Oslo’s art scene has been getting a much-needed facelift with the opening of independent galleries and a brand new art neighbourhood in the making. We stopped by the studio of big-time art rebel and writer Matias Faldbakken to find out what he gains from living in the city.
“I moved into this studio space near the centre of Oslo a few months ago. In the past I haven’t really needed a studio or an office – I make much of my art on site in galleries – but I decided it’s nice to have a place where you can try things out and take care of the practical side of things.
These days, I travel quite a lot but if I’m here in Oslo I’ll walk over to the studio from my flat, which is just 10 minutes away. Ideally I spend the morning writing. I like to get it done before I get on with the rest – mundane things like emailing, shipping, planning. Recently I haven’t been getting as much writing done as I’d like to. The art has taken over and the writing is suffering a bit. My art has strict deadlines because of the shows but writing is easily postponed as my publisher can’t force me to deliver.
I studied visual arts in Bergen and Frankfurt but I more or less decided to quit art the moment I graduated. I lost interest when I understood that the art world was so institutional, that you had to kind of play the system to succeed. But I still had this surplus of ideas so I put them in a narrative and wrote a book instead. The book did well here in Norway and got translated into some other languages, too. I was invited back to the art world as a writing artist and that’s when I started doing shows. Writing and making visual art fulfill different needs but I’ve always considered myself primarily an artist and then a writer.
I’ve often talked about my work in terms of ‘negativism’. My three novels, the Scandinavian Misantrophy trilogy, are satires about man’s hate against man. The same negative drive is present in my visual arts but I try not to spell it out in the same way. My interests are focused on art-historical narratives, from avant-gardist mentalities throughout the 20th century and mixed up with counter-revolutionary impulses from the culture industry.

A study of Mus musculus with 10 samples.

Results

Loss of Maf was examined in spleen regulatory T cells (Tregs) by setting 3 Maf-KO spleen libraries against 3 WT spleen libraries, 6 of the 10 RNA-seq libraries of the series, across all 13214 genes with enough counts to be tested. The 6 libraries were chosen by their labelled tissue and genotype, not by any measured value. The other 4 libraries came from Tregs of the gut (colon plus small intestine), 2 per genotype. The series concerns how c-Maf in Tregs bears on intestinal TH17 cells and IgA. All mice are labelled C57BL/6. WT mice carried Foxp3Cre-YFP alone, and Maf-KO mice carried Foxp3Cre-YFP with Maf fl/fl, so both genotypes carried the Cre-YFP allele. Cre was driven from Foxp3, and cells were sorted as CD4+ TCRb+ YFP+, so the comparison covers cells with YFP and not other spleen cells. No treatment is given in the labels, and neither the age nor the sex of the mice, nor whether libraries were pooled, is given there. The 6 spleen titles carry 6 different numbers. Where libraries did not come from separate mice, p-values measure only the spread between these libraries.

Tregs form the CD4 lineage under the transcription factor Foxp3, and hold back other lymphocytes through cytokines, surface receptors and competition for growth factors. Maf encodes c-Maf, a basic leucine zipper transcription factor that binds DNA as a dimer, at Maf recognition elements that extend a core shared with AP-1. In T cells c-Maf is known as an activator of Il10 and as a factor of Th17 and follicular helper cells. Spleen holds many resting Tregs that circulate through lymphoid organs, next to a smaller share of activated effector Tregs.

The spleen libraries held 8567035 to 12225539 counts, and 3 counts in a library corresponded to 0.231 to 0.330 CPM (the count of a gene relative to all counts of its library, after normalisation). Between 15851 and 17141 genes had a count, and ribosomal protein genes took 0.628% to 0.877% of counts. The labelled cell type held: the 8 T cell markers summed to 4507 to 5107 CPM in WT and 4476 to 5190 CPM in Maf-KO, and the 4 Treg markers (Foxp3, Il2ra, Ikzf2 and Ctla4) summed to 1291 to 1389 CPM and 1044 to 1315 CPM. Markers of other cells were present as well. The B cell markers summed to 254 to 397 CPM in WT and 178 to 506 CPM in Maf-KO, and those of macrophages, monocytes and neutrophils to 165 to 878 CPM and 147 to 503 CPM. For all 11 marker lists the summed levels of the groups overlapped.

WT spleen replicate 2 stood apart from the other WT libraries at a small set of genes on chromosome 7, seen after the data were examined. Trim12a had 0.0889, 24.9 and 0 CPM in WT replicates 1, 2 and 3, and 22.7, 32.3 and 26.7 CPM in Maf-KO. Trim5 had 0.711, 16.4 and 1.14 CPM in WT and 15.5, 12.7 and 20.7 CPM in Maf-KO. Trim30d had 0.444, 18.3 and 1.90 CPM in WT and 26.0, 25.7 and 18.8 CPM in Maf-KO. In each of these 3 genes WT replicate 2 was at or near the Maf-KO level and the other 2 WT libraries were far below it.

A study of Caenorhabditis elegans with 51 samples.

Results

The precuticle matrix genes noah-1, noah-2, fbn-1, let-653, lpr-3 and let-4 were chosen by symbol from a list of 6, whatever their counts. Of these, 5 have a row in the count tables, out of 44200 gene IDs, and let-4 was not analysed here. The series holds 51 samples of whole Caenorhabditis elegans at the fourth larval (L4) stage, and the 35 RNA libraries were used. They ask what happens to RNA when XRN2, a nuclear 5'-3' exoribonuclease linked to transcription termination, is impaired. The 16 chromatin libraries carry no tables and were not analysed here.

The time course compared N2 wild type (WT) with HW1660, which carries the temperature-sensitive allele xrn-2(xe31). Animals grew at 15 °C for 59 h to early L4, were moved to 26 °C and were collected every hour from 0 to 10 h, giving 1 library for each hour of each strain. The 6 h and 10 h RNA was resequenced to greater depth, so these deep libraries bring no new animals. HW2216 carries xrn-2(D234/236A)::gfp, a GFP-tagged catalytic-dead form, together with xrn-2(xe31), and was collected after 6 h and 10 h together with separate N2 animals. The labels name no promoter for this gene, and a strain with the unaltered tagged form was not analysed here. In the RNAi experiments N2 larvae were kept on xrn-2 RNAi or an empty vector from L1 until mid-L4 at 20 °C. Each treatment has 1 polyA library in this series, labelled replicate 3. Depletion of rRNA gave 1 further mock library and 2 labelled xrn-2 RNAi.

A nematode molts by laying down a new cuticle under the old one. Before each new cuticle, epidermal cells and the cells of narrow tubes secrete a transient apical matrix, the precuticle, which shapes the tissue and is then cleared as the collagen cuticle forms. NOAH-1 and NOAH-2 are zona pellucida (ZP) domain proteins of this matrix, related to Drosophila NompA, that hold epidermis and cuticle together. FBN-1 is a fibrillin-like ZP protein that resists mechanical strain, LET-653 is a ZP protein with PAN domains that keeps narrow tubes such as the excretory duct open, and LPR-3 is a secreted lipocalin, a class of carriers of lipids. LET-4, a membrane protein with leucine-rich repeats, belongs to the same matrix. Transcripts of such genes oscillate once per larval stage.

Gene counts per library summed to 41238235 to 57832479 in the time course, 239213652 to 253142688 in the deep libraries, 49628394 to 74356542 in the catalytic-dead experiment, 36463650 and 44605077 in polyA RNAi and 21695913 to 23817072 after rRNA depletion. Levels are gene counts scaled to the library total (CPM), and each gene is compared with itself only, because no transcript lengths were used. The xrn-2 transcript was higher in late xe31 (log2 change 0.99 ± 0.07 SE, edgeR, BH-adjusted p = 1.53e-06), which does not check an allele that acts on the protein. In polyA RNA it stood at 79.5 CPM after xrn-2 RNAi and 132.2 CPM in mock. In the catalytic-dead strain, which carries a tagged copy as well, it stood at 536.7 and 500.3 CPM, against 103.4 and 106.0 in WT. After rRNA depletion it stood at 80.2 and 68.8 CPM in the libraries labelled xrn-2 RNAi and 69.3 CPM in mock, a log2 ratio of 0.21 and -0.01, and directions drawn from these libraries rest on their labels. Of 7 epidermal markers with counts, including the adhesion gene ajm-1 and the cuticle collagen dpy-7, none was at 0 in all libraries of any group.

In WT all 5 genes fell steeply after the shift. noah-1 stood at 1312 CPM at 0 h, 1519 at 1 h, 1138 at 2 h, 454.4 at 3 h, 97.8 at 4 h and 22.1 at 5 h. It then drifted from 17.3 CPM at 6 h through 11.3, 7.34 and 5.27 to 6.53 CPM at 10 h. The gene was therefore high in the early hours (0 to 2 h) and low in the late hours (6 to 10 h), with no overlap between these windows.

At the moment I’d say my art is more about trying to be productive in a minimal, almost regressive way. My current art pieces are almost as much thefts as they are contributions. I often work with cheap, disposable materials such as bags, tape, carton boxes or videotape. The choice of material has to do with pushing the notions of art’s commercial value. Sometimes I might exhibit a framed work of art and next to it something similar but unframed; the framed one will go for a high price while the other one is often disposed with.
I produce a solo show for each of my prime galleries about every other year, which means I do two or three gallery shows per year plus institutional shows. At the moment I’m working on a show at the Simon Lee Gallery in London. I’m going to make a row of sacks, 12 to 15 of them, which I’ll paint on. There will also be five sculptures made of car boots, most of which will be delivered right from a wrecking yard to my studio. When I’m working on a piece of art I always have a principle to follow. The execution of the work can be kind of accidental or haphazard but the premise is always strict. One of the advantages of showing and making art is that you learn by doing it. The downside is that you have to be careful not to overproduce or water it down. I often make series of work, such as three to five sculptures with the same idea, and sometimes a collector or a museum might want an additional one. If I feel there’s still some urgency in making it I will do it, but if it’s just for the sake of selling it I won’t.
Living in Oslo is very OK – nothing more, nothing less. I’m here because of my kids. I still don’t have a close relationship with the city because I’m not from here. On the other hand, I’ve never been attracted to living in bigger cities like Berlin or New York. The fantasy of the metropolis is too ambitious for me. The art scene in Oslo is getting bigger and it’s probably more vital now than it’s ever been. There’s a lot of grassroots activity, artist-run spaces and more artists working internationally.
My number-one priority right now is to get my writing going. The other important thing is to control my artistic output and keep it slowly developing on a high er level. Last year, I had a gallery show in Hong Kong titled Maintenance. That’s what you discover with age: things start to be more and more about maintenance, sticking with the good stuff and making it better.”